Three JMSC alumni are working as multilingual reporters at Hong Kong’s leading commercial television station, TVB.

TVB broadcasts in Cantonese, Mandarin and English on its channels TVB Jade and TVB Pearl. It has developed the practice of multilingual reporting over the last few years.

Ng Yuk-hang reporting for TVB

Ng Yuk-hang graduated with a Bachelor of Journalism degree from the JMSC in 2008, Elmy Lung, graduated with a Master of Journalism degree the same year, and Andrew Lau graduated with a Master of Journalism degree in  2010. All three are now doing on-air work in both Chinese and English.

“It’s very exciting as TV news requires speed, accuracy and extreme conciseness,” Ng said of her new job at TVB.

“Being a bilingual reporter means that I get to fully utilise my competency in both languages. Even after the handover, Hong Kong is still a very cosmopolitan city where English skills are very much emphasised. There’s still a considerable percentage of the population that only understands English. Being bilingual means that one can reach out to different segments of society and communicate with them at ease.”

Ng, who is from Hong Kong, became a reporter for Hong Kong’s main English-language newspaper, the South China Morning Post after she graduated from the JMSC. She then completed a master’s degree in History at Oxford University before moving to TVB.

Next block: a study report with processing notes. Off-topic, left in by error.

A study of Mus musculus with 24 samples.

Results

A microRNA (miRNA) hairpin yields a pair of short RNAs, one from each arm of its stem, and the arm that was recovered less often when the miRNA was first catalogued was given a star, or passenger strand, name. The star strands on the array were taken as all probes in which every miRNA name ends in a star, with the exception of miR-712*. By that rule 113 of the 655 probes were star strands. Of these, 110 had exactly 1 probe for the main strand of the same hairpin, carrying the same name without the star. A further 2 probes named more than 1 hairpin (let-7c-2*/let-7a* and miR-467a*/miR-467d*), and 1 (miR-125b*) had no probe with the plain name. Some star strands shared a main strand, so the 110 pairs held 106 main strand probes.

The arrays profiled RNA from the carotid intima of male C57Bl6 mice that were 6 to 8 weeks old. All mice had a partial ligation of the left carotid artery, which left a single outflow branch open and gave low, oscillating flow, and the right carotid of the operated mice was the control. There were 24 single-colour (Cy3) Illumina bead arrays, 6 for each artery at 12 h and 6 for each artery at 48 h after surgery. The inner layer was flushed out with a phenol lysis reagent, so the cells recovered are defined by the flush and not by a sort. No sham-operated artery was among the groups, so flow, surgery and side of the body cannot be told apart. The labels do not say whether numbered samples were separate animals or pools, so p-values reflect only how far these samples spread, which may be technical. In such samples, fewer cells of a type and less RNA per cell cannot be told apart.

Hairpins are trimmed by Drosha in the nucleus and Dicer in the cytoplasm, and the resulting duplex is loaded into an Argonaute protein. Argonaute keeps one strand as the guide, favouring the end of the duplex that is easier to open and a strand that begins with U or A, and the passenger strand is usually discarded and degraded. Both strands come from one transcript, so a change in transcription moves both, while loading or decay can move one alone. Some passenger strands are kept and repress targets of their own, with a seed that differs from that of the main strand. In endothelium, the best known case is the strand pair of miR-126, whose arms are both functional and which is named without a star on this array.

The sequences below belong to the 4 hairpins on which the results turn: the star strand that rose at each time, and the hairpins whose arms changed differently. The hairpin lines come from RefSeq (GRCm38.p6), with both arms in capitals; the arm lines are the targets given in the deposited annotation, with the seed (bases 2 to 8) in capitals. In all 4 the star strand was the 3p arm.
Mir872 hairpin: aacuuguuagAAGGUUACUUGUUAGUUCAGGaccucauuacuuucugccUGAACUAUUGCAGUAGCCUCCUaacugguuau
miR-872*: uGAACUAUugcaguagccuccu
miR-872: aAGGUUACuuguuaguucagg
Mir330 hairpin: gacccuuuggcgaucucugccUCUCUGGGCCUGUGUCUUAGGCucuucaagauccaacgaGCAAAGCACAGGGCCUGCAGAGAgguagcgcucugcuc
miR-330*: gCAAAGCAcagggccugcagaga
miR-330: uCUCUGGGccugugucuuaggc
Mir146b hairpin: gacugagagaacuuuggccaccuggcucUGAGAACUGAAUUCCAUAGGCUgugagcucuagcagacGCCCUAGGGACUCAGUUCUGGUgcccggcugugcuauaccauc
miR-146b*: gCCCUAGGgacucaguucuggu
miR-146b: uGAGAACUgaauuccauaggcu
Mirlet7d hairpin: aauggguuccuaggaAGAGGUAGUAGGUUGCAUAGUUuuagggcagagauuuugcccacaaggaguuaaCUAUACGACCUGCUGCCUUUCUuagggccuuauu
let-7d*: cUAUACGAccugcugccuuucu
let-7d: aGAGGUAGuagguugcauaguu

Andrew Lau reporting for TVB

Lau, also a Hong Konger, worked at Now TV as a finance reporter before applying for his current job at TVB. He reports and reads voice-overs in English, Mandarin and Cantonese on both TVB Pearl and Jade and anchors in Cantonese on Jade.

“When I started, there was no such thing as a bilingual reporter,” said Lau. “Taking into account my experience abroad and my education background, my boss decided to give it a try, and the bilingual arrangement works.”

“There is never an average day at work — cliche, I know,” he continued. “One day I was sent out on a boat to do live reports on the Lamma vessel collision incident, the next day I was anchoring the news in the studio. You learn something new every day and it’s almost like going to school all over again, except everything happens so fast and you’re required to think on your feet all the time.”Lau and Ng credited the JMSC with helping them get to where they are today.”My radio and TV classes at JMSC helped me become a better reporter,” said Lau. “I learned how to work under time pressure and most importantly, to write scripts that are shorter, simpler and sharper.”Ng said the JMSC “is the place where I realised the importance of being both local and international. The internships that the JMSC arranged were a foot-in-the-door to the world of journalism, and (an) exchange year at the University of Maryland allowed me to experience American journalism. All these reaffirmed my passion for journalism – it’s a way to contribute to Hong Kong, a city that I dearly love.”